First They Came for the Lion Hunters

Humberto Fontova
First They Came for the Lion Hunters

The stake is up, the torch is lit, and the wood is drenched with kerosene. As the crowd forms, the popcorn and beer (actually sushi and Chardonnay for this crowd) vendors set up shop. The excited crowd cranes its neck, looks around, shields their eyes for a better view.

But where’s the witch to be burned?

In fact, neither lion-hunter Dr James Palmer nor lion-hunting guide Theo Bronkhorst have been found guilty of breaking any laws—i.e. of “poaching.” More alarming still (for some) Bronkhorst’s bail was set at a measly $1,000 and his not-guilty claim is being supported by some people who—get this!—actually know something about lion hunting!

So the much-anticipated burning at the stake is not imminent -- if it occurs at all. Has anyone bothered looking at that teenzy-tiny item?

There’s a reason for this “negligence.” It’s obvious that what inflames most of the crowd lining up for Palmer’s and Bronkhorsts’s Auto da fe isn’t “poaching,” at all. They’re not titillated because a lion-guide might be found guilty and burned at the stake for the lion-hunting equivalent of an expired brake-tag. No, they’re wetting their pants over the anticipated public drawing and quartering of a lion-hunter, period-- trophy hunter in general, actually.

Take Jimmy Kimmel (please!) no, seriously: “I’m honestly curious to know why a human being would feel compelled to do that (shoot a lion.) How is that fun? Is it that difficult for you to get an erection that you need to kill things that are stronger than you?”

“In Zimbabwe, We Don’t Cry for Lions,” reads the title of a fascinating article by Goodwell Nzou, an African who grew surrounded by lions in the countryside of Zimbabwe. The New York Times (no less!) recently gave him this platform for his views on Zimbabwean lions. Granted, even with such a platform and background his views won’t hold a candle against those of Debra Messing, Salma Hayek and Al Franken—but here they are:

“Did all those Americans signing petitions understand that lions actually kill people? That all the talk about Cecil being “beloved” or a “local favorite” was media hype? In my village in Zimbabwe, surrounded by wildlife conservation areas, no lion has ever been beloved, or granted an affectionate nickname. They are objects of terror.”

Ask hunters who’ve been on Safari what happens when they whack out a lion or leopard or elephant. Sure, in Hollywood, Manhattan, London and Paris they moan and wail. But in the immediate vicinity of this form of pest-control the locals rejoice! There’s a "Lion Dance" a "Leopard Dance" an "Elephant Dance." “Let’s celebrate!” cheer the locals. “A pest is dead!”

Imagine the bug-spray man coming to your house: "Tell ya what," he says. "I’ll give ya 100 bucks for every roach I kill, $200 for any rats and a cool 500 semolions for a whack at the raccoon messing up your attic."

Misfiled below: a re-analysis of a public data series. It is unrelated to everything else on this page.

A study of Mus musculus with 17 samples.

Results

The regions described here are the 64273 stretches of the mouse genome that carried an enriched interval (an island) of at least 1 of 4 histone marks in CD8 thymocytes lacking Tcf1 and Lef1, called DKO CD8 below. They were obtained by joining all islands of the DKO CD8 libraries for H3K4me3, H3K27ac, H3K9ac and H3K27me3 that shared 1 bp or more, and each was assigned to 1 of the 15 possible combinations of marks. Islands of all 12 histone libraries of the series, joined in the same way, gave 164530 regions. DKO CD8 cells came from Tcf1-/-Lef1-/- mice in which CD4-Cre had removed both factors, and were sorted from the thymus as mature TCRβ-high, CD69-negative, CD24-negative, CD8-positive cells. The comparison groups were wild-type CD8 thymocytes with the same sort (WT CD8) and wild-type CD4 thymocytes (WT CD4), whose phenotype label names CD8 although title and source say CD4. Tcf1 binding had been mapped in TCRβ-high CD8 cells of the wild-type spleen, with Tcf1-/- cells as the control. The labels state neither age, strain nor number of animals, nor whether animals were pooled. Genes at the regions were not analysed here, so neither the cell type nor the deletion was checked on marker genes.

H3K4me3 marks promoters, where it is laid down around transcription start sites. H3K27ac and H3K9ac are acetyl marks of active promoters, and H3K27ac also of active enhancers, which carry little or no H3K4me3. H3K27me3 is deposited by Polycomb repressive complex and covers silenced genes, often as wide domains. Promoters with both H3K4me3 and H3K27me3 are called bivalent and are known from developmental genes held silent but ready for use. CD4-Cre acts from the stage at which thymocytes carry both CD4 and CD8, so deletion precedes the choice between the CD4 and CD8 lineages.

You’d be dancing the Watusi too. And the Twist and The Hustle and The Bump and the Boot-Scootin’ Boogie. You’d also make sure to have a few of these creatures around for his next visit.

Here’s Paul Funston of South Africa’s Endangered Wildlife Trust: "The real solution to preserving lions lies in giving the local people incentives to tolerate lions on their land.”

“To tolerate,” got that, animal-rightists? In brief, given their fondness for the flesh of African natives’ cattle (and that of the natives themselves) Mr Funston infers that, among rural Africans, lions are normally considered intolerable. But this comes from a person actually familiar with the views of rural Africans.

And you’d be amazed at the tolerance the $50,000 (what it costs a tourist hunter in total fees to shoot an African Lion) generates in a country like Zimbabwe, where annual per-capita income runs around $930.

Point is, those of us who restrict ourselves to blasting Bambi, Thumper, Daffy, Porky, etc. for our Bar-B-Cues, tailgate parties and family feasts better be careful about throwing Simba hunters such as Palmer and Bronkhorst under the bus.

Let’s take a deep breath and back off, please. If social media is any guide, much of the moralistic preening by “food” hunters at Dr. Palmer’s expense seems affected, obnoxious even cowardly—something all too familiar in other settings lately.

Take those “conservatives” who at the first sight of a finger-wagging media mouse, scream, scamper onto a chair and huddle cravenly among snickering liberals for fear of the dreaded label: “racist!”

The pejorative “trophy-hunter!” is running a close second lately—and as with the first insult-- mostly with people allergic to facts.

The results of letting the equivalent of The View studio audiences dictate wildlife management policy is on full display in California, which outlawed sport cougar hunting in 1990. Now "animal-control officers" (supported by hunter license fees) kill more "problem" (eating pets, mawling joggers,etc.) cougars than licensed hunters used to bag!

Facts matter. Stand your ground, lock/ load --and counterattack. Make the facts known--clearly. Outside of studio audiences for The View and Jimmy Kimmel facts are often acknowledged by Americans. So let’s please leave the hysteria, snuffling and finger-wagging to people like the gals hosting The View and to their male (anatomically, at least) counterparts Jimmy Kimmel, Piers Morgan, etc.